The S&P 500 Index (SNPINDEX:^GSPC) gained 0.34% on Friday, August 21. Closing at 3397.16, the index of 505 stocks that makes up the vast majority of the U.S. stock market's value, ended the week at an all-time high, after returning to record levels on Tuesday.
Today's move higher was underpinned by a big day for two mega-cap stocks. Apple (NASDAQ:AAPL) shares gained more than 5% following positive analyst comments, and semiconductor giant NVIDIA (NASDAQ:NVDA) shares closed up 4.5% on continued momentum following its earnings earlier this week. The two tech giants were the two biggest gainers in the S&P on the day.
There were more S&P 500 stocks that lost value today than gained, with the mega-caps that moved higher doing the heavy lifting to move the index higher. Big losers included the airline sector, with United Airlines (NASDAQ:UAL) leading the way down 3%, along with oil stocks Marathon Oil (NYSE:MRO), Diamondback Energy (NASDAQ:FANG), and Apache Corp (NASDAQ: APA) falling on weak oil prices and concerns about the global economy.
Optimism around tech giants moving the market
Despite the ongoing coronavirus crisis that started a global recession and put tens of millions of Americans out of work, technology companies have proved surprisingly resilient. Apple shares are up almost 70% year to date and up about double from the 2020 coronavirus crash in March. Yet its business has proven surprisingly durable for a consumer products company, with profits remaining very strong.
At least one analyst thinks the good times could get even better. Dan Ives of Wedbush, in a note to investors, says the stock could run another 27% over the next year or so, citing a "supercycle" for the upcoming iPhone series as millions of customers look to upgrade to 5g. Ives thinks as many as 350 million of the 950 million iPhones in service today could get upgraded over the next 18 months.
For NVIDIA, the depth and breadth of the markets its products serve continue to expand, and investors are piling in. Its shares have surged even higher than Apple's this year, and with a $300 billion market cap compared to Apple's $2 trillion market value, investors think there's plenty of room to run.
Airline stocks down on American service cuts, economic worries
United Airlines shares were the worst-performing of the S&P 500 airline stocks, but American Airlines (NASDAQ: AAL) stock also fell more than 2.7% to close the week. Yesterday, American detailed its plan to suspend service to 15 markets starting on October 7, through at least early November.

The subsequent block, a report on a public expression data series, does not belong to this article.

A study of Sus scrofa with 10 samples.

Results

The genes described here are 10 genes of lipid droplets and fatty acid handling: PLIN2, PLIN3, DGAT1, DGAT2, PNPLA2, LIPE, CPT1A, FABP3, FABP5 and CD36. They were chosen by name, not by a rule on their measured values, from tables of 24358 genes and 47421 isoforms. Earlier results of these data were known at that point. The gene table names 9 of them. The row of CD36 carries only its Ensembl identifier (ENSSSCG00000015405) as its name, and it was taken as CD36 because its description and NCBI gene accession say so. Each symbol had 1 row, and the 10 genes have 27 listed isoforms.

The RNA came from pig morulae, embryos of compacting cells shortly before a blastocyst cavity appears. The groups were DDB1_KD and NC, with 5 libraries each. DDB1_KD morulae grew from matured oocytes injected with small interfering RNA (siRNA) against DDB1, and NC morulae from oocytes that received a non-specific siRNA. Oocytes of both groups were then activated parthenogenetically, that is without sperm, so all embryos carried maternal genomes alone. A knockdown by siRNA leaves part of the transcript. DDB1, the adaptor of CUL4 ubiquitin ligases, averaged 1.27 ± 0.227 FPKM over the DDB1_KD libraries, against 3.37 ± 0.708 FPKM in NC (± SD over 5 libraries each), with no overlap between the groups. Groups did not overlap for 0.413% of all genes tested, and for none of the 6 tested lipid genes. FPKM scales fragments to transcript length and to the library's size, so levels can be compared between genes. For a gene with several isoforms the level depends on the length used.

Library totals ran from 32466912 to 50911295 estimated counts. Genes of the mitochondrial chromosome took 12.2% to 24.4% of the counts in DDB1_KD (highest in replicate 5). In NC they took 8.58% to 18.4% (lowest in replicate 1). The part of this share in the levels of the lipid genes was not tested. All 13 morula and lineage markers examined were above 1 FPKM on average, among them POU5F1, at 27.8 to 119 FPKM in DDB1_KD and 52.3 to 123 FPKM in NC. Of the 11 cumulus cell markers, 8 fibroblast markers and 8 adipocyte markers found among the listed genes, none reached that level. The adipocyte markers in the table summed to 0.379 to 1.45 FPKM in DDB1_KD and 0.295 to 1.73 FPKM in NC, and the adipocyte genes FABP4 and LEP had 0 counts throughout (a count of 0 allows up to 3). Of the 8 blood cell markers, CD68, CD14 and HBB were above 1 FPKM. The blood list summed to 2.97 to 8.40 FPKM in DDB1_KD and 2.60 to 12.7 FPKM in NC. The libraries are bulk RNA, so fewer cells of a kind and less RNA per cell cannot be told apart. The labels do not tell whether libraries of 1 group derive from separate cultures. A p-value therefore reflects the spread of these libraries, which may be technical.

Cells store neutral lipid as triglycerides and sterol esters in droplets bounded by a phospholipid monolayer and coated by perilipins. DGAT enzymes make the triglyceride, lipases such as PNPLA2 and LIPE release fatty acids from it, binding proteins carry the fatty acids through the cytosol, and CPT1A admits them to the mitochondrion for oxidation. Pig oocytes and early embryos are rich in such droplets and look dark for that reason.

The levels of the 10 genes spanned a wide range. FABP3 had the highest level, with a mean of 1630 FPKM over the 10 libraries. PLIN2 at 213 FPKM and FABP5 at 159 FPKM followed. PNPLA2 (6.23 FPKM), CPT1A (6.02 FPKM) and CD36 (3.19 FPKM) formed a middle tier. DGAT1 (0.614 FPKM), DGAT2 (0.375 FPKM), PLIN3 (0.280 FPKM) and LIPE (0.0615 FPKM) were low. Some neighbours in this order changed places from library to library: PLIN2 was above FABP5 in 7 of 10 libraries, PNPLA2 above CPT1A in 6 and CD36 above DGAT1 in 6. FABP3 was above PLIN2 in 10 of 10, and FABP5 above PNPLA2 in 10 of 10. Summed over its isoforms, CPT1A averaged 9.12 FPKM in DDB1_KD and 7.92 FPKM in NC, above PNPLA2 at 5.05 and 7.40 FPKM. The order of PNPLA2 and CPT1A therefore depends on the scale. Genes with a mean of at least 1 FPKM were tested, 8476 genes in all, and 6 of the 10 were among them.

These cuts were delayed due to financial support it and its peers got as part of the CARES Act earlier this year, but once the requirements to maintain service and payroll levels expire at the end of September, every major airline will be forced to make major cuts, barring additional -- and substantial -- government financial support that is increasingly unlikely.
Even with financial support, the airline industry is facing what will likely prove a multi-year downturn due to the coronavirus pandemic. Air travel has increased 10-fold over the past few months from the lows in April, but still remains down about 70% in the U.S. Barring a medical breakthrough, travelers could avoid air travel in large numbers for at least another year.
Oil stocks feeling a similar pinch
The S&P 500's oil sector also took it on the chin today, with 20 of the 26 sector stocks falling. Oil prices finished lower, with Brent and West Texas Intermediate crude futures both down more than 1% and still in the low $40s per barrel.
Low prices and weak demand continue to weigh on the energy industry on a global basis. While China soaked up a lot of excess oil demand in recent months, taking advantage of record low prices, most of the rest of the world has dealt with double-digit drops in demand. India imported less oil in July than in any other month in more than a decade, while U.S. driving travel was down more than 13% in June.
With prices still below breakeven for many producers, demand remaining constrained, and the amount of oil in commercial storage still above five-year averages, the oil patch continues to feel immense pressure as a protracted downturn looks likely. This will continue to weigh on oil producers like Marathon, Apache, and Diamondback for some time to come.
Earnings next week
While many of the biggest companies have already dropped their second-quarter results, next week brings us a handful of notable names. Best Buy, Hormel Foods, Salesforce.com, and Medtronic report on Tuesday, Aug. 25, giving investors a look at four very different sectors: consumer discretionary spending, consumer staples, enterprise cloud services, and healthcare.
Later in the week, consumer specialty retailers Tiffany & Co and Ulta Beauty, along with discounters Dollar Tree and Dollar General will report. Be sure to tune in here for a closer look when they report.